Northern Michigan’s beaches are a highlight of a summer Up North, but powerful rip currents, harmful rays from the sun and dehydration can cause a beach day to turn south fast. Follow these kids beach safety tips to keep the summer fun rolling on your vacation.
While juice boxes and other fruity summer drinks might seem like the best way to treat yourself at the beach it is not the ideal way to keep hydrated. Water is a must for long days spent under the sun. Keep an eye out for symptoms of dehydration, which, according to the Mayo Clinic, can include:
- Extreme thirst
- Very dry mouth and skin
- Extreme fussiness or sleepiness in infants and children; irritability and confusion in adults.
- Sunken eyes
Stay Protected and Shaded
Everyone wants a glow from the beach, but skimping on sunscreen is not a good idea. Make sure kids (and yourself!) are always wearing sunscreen with UVA/UVB protection and an SPF of at least 15. Just one blistering sunburn early in life can double your child’s risk of developing skin cancer. If you plan on spending a long day at the beach then be sure to bring an umbrella for shade. Long periods of time spent in the sun can result in a heat stroke in children. According to the Mayo Clinic, symptoms of heat stroke can include:
- Severe headaches
- Dizziness and confusion
- Flushed, hot, dry skin
Seek medical attention if symptoms are serious, and get to a cool, shady spot to lower the body temperature of the heat-stricken.
Stay Safe When Swimming
Enjoying the waters of our Great Lakes is the reason we head to the beaches on summer days, but it’s important to be aware of the dangers the crashing waves of the lakes can present. Rip currents—where waves recede back into the water, creating an outward-flowing current—are a danger within the Great Lakes. Take caution when swimming in the lakes, always keep an eye on your children, and remind young swimmers of these suggestions from the US Lifesaving Association before they enter choppy water:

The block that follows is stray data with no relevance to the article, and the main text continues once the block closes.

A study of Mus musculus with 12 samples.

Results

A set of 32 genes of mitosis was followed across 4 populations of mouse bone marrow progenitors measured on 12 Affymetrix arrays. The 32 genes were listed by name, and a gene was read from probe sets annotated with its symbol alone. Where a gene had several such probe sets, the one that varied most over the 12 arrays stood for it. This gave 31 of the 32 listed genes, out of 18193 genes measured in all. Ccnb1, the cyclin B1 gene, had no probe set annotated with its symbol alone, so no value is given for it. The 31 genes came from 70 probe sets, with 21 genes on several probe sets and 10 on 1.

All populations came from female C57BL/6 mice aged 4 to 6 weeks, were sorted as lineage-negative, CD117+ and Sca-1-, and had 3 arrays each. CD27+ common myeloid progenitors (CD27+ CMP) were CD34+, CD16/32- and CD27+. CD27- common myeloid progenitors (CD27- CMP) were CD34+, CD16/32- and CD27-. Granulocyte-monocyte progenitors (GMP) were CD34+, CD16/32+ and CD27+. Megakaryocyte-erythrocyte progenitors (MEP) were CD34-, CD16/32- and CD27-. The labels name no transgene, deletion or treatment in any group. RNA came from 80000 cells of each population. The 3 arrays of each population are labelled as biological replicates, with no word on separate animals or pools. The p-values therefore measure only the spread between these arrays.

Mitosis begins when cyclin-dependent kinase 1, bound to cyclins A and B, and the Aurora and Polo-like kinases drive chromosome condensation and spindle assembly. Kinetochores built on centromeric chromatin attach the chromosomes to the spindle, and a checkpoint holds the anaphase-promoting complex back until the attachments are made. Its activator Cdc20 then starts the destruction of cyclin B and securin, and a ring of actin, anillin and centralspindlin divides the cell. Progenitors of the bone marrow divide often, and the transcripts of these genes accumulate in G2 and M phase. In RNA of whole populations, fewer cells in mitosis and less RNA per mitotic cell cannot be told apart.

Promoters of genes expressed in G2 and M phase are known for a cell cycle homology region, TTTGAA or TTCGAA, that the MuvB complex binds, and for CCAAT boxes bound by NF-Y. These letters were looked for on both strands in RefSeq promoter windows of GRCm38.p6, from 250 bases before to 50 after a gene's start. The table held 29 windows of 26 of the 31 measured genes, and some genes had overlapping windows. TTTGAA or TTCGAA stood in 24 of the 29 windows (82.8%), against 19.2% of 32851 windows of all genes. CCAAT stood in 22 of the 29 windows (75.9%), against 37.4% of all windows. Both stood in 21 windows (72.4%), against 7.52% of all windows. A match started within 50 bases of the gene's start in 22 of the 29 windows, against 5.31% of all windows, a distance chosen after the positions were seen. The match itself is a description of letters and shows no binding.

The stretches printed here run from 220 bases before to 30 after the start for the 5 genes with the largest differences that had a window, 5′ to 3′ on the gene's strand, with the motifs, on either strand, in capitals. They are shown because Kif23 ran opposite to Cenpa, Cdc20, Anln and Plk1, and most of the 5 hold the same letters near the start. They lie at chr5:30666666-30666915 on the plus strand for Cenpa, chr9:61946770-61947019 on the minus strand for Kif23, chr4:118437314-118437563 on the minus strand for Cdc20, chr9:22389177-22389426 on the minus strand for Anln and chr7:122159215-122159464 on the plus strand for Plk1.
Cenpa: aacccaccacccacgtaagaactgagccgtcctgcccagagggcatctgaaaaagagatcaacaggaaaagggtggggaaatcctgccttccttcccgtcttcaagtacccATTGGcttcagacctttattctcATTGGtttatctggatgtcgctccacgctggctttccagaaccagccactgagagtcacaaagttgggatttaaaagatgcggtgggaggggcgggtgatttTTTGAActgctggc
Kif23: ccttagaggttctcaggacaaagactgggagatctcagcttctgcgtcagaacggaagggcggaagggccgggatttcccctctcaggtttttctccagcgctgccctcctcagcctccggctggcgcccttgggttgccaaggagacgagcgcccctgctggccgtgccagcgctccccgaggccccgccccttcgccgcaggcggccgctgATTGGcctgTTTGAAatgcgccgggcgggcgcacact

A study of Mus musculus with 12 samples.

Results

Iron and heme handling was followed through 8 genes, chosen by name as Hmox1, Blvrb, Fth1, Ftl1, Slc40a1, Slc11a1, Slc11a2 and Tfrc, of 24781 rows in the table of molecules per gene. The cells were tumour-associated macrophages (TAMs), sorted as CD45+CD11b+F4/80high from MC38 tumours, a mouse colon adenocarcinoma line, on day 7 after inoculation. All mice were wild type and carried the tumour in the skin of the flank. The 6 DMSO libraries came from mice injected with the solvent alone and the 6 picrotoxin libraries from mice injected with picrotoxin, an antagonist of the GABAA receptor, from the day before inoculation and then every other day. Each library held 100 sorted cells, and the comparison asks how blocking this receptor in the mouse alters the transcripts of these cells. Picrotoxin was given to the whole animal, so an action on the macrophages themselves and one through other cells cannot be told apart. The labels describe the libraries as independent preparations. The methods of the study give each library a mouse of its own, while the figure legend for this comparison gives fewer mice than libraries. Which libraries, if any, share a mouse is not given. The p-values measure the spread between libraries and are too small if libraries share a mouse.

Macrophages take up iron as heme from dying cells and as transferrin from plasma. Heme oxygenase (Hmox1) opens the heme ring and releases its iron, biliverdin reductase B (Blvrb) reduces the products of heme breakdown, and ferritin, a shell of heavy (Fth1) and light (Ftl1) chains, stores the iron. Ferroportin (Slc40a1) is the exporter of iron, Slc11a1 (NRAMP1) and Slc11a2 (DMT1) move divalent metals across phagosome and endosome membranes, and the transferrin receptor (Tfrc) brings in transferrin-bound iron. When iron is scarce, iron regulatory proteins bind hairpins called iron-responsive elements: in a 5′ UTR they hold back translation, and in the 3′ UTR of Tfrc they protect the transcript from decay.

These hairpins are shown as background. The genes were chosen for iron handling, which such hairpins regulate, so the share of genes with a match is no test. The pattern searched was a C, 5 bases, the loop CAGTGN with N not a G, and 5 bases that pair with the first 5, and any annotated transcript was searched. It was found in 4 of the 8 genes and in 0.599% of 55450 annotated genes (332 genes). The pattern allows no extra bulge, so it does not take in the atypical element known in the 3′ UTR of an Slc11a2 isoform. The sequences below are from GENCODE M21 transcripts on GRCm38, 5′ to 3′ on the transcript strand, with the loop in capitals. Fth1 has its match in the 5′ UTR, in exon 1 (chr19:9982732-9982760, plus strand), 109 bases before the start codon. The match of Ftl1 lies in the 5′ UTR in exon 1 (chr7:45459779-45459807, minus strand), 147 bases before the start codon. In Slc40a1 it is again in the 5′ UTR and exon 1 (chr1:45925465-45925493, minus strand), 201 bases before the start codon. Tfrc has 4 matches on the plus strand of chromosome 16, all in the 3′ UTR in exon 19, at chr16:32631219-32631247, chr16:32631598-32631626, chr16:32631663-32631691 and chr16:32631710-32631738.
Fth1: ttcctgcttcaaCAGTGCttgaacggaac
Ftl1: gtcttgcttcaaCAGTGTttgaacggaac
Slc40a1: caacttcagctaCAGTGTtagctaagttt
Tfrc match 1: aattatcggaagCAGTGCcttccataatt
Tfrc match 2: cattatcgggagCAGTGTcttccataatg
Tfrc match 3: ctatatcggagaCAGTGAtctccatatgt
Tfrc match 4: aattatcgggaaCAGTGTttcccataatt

- Swim sideways (that is, parallel to the) to escape the pull of the current.
- Float down with the current until you reach the end and then swim back to shore.
- Never try to swim against the current and panic; this is how most fatalities occur.
Stay Afloat and Warm in the Water
Our long winter has made our beautiful waters a bit chilly, and falling into water that is 60 degrees or cooler can cause panic, hyperventilation and hypothermia. Sadly, child fatalities have occurred in Northern Michigan as a result of children falling into water from boats and succumbing to hypothermia.
Michigan law requires children ages 6 and under to wear a life jacket whenever they’re in a boat, and one personal flotation device must be readily accessible for every adult aboard. For jet skis, both drivers and passengers must wear a life jacket, regardless of their ages.
If the water is cold, kids can wear wet or dry suits to combat the temperature, but these articles aren’t fail-safe. Don’t let kids stay in cold water for long—not that they’ll want to anyway. If paddling or boating, a location beacon is an insurance policy in case of an emergency; always leave a detailed plan of your day on the water with somebody on shore.